TL;DR lots of energy, and super-strength materials.
To harness the power of a volcano you need some advanced materials and drilling techniques. In several novels there are materials that either natively or through electromagnetic or handwavy modifications are "indestructible" for this purpose (i.e. they can withstand pressure, torque and heat well enough); Laurence Dahners' stade, David Adams' indestructium and so on. Drive as many double pipes as you need inside a volcano, then pump water down the inner pipe, get water vapour off the outer pipe, and hey pronto!, you can run a turbine setup.
This is much more difficult because you need to interfere with the "hot spot" under the volcano. And the hot spot has an incredible quantity of heat you need to get rid of. You don't want that heat in the environment, so you need tuned radiative coolers (basically, black bodies heated at exactly one thousand Celsius degrees, surrounded by materials that reflect infrared below 8 micrometers but are trasparent above that. This allows to radiate heat through a clear atmosphere and into space).
The difficulty here is that you would need an enormous radiative surface.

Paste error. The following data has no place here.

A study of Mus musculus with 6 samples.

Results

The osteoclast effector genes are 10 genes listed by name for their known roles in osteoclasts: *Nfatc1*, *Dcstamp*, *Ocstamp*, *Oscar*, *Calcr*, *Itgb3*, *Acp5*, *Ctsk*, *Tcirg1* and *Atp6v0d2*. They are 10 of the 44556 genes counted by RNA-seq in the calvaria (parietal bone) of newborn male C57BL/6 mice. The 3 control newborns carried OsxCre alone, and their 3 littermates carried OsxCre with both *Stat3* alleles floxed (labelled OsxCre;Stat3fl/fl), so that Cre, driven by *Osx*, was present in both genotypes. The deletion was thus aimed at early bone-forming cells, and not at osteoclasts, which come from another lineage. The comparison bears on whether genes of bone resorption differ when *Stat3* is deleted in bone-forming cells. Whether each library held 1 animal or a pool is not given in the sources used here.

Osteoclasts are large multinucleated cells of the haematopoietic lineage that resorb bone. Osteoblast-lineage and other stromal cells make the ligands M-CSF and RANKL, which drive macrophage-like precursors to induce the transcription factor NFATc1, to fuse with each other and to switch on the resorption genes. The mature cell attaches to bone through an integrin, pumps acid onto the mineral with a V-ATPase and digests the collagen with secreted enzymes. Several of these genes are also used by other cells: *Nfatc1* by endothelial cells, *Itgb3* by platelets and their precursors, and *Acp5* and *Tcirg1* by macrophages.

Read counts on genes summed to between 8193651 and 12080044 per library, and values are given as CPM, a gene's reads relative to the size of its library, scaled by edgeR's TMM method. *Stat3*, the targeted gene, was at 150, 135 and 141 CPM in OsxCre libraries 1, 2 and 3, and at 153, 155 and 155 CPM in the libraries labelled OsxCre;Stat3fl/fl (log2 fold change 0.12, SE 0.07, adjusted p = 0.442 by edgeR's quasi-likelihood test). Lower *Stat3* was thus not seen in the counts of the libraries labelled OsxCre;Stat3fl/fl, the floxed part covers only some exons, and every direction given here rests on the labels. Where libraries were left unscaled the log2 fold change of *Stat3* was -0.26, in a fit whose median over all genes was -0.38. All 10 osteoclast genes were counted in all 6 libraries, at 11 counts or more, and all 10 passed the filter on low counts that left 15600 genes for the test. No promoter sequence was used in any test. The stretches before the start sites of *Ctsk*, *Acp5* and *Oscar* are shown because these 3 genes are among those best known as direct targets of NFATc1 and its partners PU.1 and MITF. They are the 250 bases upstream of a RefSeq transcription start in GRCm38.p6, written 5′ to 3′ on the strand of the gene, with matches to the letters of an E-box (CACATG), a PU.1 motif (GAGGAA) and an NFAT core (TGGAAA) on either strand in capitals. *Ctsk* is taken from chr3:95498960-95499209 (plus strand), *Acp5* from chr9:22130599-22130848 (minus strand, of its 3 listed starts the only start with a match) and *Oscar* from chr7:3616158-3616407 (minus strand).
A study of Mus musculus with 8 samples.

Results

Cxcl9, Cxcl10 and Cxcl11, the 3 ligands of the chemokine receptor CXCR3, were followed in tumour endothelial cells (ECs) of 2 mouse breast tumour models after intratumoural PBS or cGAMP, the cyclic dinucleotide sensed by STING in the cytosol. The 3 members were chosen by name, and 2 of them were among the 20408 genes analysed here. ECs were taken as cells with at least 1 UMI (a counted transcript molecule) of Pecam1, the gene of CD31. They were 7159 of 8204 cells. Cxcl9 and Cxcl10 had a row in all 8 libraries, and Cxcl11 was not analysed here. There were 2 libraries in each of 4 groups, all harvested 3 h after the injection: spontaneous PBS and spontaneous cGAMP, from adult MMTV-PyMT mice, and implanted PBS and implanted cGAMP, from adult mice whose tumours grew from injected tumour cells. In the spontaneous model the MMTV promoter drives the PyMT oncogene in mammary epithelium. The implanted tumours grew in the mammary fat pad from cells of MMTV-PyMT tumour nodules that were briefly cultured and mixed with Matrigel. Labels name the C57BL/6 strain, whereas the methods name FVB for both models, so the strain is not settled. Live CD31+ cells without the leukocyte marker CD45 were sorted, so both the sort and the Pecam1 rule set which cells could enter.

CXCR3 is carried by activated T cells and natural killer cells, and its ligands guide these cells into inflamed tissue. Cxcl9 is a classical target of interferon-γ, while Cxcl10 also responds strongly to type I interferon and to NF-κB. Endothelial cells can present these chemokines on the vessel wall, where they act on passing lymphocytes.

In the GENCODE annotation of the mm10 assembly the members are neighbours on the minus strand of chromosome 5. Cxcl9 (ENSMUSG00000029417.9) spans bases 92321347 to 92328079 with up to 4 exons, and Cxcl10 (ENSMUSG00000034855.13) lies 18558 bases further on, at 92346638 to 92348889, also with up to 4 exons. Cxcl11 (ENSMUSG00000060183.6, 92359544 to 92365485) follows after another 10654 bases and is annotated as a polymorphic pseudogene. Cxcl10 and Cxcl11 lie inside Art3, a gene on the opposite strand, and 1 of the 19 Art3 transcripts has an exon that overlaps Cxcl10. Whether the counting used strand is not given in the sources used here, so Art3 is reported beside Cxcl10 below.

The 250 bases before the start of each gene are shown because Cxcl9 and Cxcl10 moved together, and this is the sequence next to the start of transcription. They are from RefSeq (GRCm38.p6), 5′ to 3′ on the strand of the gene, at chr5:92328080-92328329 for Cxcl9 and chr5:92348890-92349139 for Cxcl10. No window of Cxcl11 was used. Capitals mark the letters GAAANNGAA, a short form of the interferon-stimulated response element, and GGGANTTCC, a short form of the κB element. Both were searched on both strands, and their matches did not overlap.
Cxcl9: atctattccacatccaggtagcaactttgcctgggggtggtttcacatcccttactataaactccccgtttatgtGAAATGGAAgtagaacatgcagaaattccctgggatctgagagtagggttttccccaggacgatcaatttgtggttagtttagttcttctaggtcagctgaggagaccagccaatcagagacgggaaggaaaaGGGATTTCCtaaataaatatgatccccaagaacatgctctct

The mechanism for both is the opposite of the above. You need to heat up a hot spot; this would be done by increasing the radioactive heat plume underneath. Some sort of "neutrino laser" would need to be focused in the exact volume, to increase thermal emission through reverse beta decay. This assumes that suitable isotopes are present in that volume and in sufficient quantities. Also, since neutrinos are absorbed only with great difficulty, this method is horribly inefficient, requiring a monstrous amount of energy, and a measurable negative effect would manifest for a significant distance around the focus.
Other means of transferring energy deep underground might involve focused seismic waves, or very powerful nuclear fusion devices delivered through shafts (indestructium drills again required).
In some places you might just need to open a shaft and let internal pressure do the rest (for example, Dahners' stade could be used to drive a pipe, stazed in cylindrical sections, at practically any depth. Once enough material was removed from the inside of the pipe, the pressure would do the rest.
Drilling again is required, plus some way of exactly mapping stresses in rock. Once you know how a fault line is holding, you can frack the key points to release compressive stresses a little at a time, converting a five-minute 7.0 Richter scale quake into a five-year long sequence of piloted low-threshold temblors. Or you can cut around the fault line, again providing release (the underground compression will close the cut, relieving itself. Then you reopen the cut. An earthquake can move the fault line by up to two meters: if you provide those two meters by way of a cut, the compressive force will go into sealing the cut).
With enough energy and waste heat management, you can maybe do this with a laser (the water table would be a significant problem though: and you need to drive the cut all the way to the depth of the epicenter. For the San Andreas fault line, that's at least fifteen kilometers).